When New York Governor Eliot Spitzer resigned in the aftermath of scandal over his involvement with escorts, his successor, Lt. Gov., David Paterson, decided to pre-empt future public scrutiny by coming clean about his own marital indiscretions. In media interviews with Paterson and his wife, Michele, both admitted to affairs. Although Paterson implied that his cheating stemmed from jealousy and anger at discovering her infidelity, he was also quick to insist that their problems weren’t just her fault. Even though the Paterson’s story had a happy ending, the press leaped on their reference to his “retaliatory affairs” and brought that term, along with a juicier synonym, “revenge affair,” into public consciousness. While these phrases may be new to our popular lexicon, their meaning is as old as the cave dweller. I’d wager that hardly a soul among us hasn’t at least fantasized about acting out for the sheer glory of vengeance in the aftermath of a lover’s betrayal, sexual or otherwise.
Unlike lust or love affairs, revenge affairs are driven by raw, primitive emotions that have little to do with genuine eroticism. Here, the hurt, the anger, the resentment directed toward one who has already strayed is translated into sexual arousal or action – often in the absence of genuine desire. The compelling urge isn’t “I want you”… it’s more like, “I’ll show you…you @%#&%!”
Not only is the affair (or the one night stand) initiated to salve these wildly inflamed feelings, but unlike a romantic affair, discretion is hardly a priority. Leaving a breadcrumb trail for a suspicious spouse or deliberately flaunting the affair in the heat of a fight is more likely to occur in this scenario than any other. After all, “I’ll show you” is meant literally – as in, “let me punish you with an image you won’t forget; let me show you what it means to be hurt the way you’ve hurt me!”
Of course, the problem with revenge affairs is that they are a bit more “nyah nyah nyah” than we, as adults, would like to admit. Tit for tat is a rather immature approach to dealing with hurt, and revenge affairs are nothing if not regressive. The urge to get back at those who bully or injure us emerges when hurt morphs into rage, before we are even able to put words to our feelings. In time, rage hardens and takes on a life of its own, forcing blood sacrifices like a demanding, primitive god. Revenge affairs are offerings on that emotionally primitive altar; blood is spilled symbolically through sexual congress, and punishment is leveled against the one whose betrayal came first. But just as sacrifices to angry gods didn’t really accomplish the bringing of rain or abundant harvest that ancient peoples intended, modern revenge rituals fail to mete out relationship justice or soothe aching hearts. After any affair, partners are left to face the truth about themselves, and no ceremonial act of vengeance is likely to spare them that inevitability or pain.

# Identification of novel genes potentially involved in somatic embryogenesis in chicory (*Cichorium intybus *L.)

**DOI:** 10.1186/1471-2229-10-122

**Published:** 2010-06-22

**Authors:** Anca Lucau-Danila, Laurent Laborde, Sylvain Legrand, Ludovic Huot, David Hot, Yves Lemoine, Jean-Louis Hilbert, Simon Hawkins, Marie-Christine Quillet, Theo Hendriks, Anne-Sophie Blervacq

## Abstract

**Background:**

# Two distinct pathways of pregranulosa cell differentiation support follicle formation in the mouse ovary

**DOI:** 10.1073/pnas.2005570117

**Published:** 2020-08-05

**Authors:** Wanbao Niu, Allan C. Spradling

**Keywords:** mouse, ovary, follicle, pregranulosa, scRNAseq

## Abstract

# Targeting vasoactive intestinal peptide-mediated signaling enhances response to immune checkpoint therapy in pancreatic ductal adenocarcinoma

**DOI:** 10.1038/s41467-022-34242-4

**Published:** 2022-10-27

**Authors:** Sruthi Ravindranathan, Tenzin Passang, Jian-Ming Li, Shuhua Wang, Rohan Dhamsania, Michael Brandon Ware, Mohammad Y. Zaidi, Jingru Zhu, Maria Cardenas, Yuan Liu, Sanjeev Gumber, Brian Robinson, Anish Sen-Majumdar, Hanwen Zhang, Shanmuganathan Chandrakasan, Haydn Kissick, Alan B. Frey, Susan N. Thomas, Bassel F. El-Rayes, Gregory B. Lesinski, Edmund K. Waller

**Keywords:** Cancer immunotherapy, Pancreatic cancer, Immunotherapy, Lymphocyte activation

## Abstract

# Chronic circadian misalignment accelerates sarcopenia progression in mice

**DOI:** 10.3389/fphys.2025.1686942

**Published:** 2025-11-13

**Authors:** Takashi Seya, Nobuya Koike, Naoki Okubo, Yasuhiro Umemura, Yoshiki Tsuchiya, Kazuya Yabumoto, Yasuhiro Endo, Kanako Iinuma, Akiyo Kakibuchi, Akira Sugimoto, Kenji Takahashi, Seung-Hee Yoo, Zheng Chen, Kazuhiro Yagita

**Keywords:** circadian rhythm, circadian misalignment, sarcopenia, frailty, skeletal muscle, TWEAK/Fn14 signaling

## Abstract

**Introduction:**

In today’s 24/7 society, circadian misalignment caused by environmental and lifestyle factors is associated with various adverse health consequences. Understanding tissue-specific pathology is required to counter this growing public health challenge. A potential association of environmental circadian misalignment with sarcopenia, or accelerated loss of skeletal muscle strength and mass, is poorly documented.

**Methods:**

Most experts would agree that revenge affairs only exacerbate problems, sometimes even putting the “avenger” in harm’s way. Not all retaliation is sexual or even emotional; sometimes an enraged spouse can get physical. Women have been seriously harmed – even killed – by violent men who feel entitled to keep women under their thumb. The woman’s affair is less a blow to such a man’s heart than to his ego and sense of property rights. While violent explosions are the extreme, if a partner has had explosive rage episodes or been physically aggressive in the past, a woman should consider her safety before flaunting an affair. In fact, if a partner is rageful, aggressive and unfaithful, a revenge affair is both a dangerous and fruitless method of dealing with hurt. Getting out of the line of fire entirely is the only safe and healthy option.
Revenge, retaliation, vengeance: these approaches to dealing with pain may seem initially satisfying – and they can certainly energize us out of the numbing depression that betrayal can impose – but in the long run revenge only eats up the souls of those who invest energy in it. Perhaps you’re familiar with the pop culture TV phenomenon Buffy the Vampire Slayer, in which one key character had a previous existence as a “vengeance demon.” It occurs to me that there was good reason for writing her as a vengeance demon and not a vengeance angel or goddess. There is no renewal, no healing or momentum to be found in revenge. To the contrary, revenge locks us solidly in place, keeping us stuck in the pain, anger, and victimization of our circumstances. What better sustenance for a demon than humans who are mired in negativity?
When an affair mars a relationship, the wise approach is to focus on self-care and healing – whether the couple attempts to mutually heal their relationship or partners choose to concentrate separately on healing their own hearts. David and Michele Paterson told the press that by going into counseling in the aftermath of their affairs, they were able to renew their marriage. They were fortunate, for there are no guarantees that a relationship can survive infidelity, although the odds are certainly in favor of partners who are equally dedicated to restoring their bond and willing to seek help.
Professional help, I believe, is a necessity. Why not deal with things yourself? Because when emotions are raw and circumstances seem grim, it’s enough to ask each other to do the difficult work of restoring faith and trust while a therapist provides a supportive and guiding presence. Trying to figure out (and agree upon) how to fix your relationship while attempting to cope with the post-affair fallout would be trying to do too much. On the (wickedly) bright side: think about how it might feel when a partner who was resistant to counseling before an affair goes willingly to therapy afterwards. That might seem like the best revenge of all!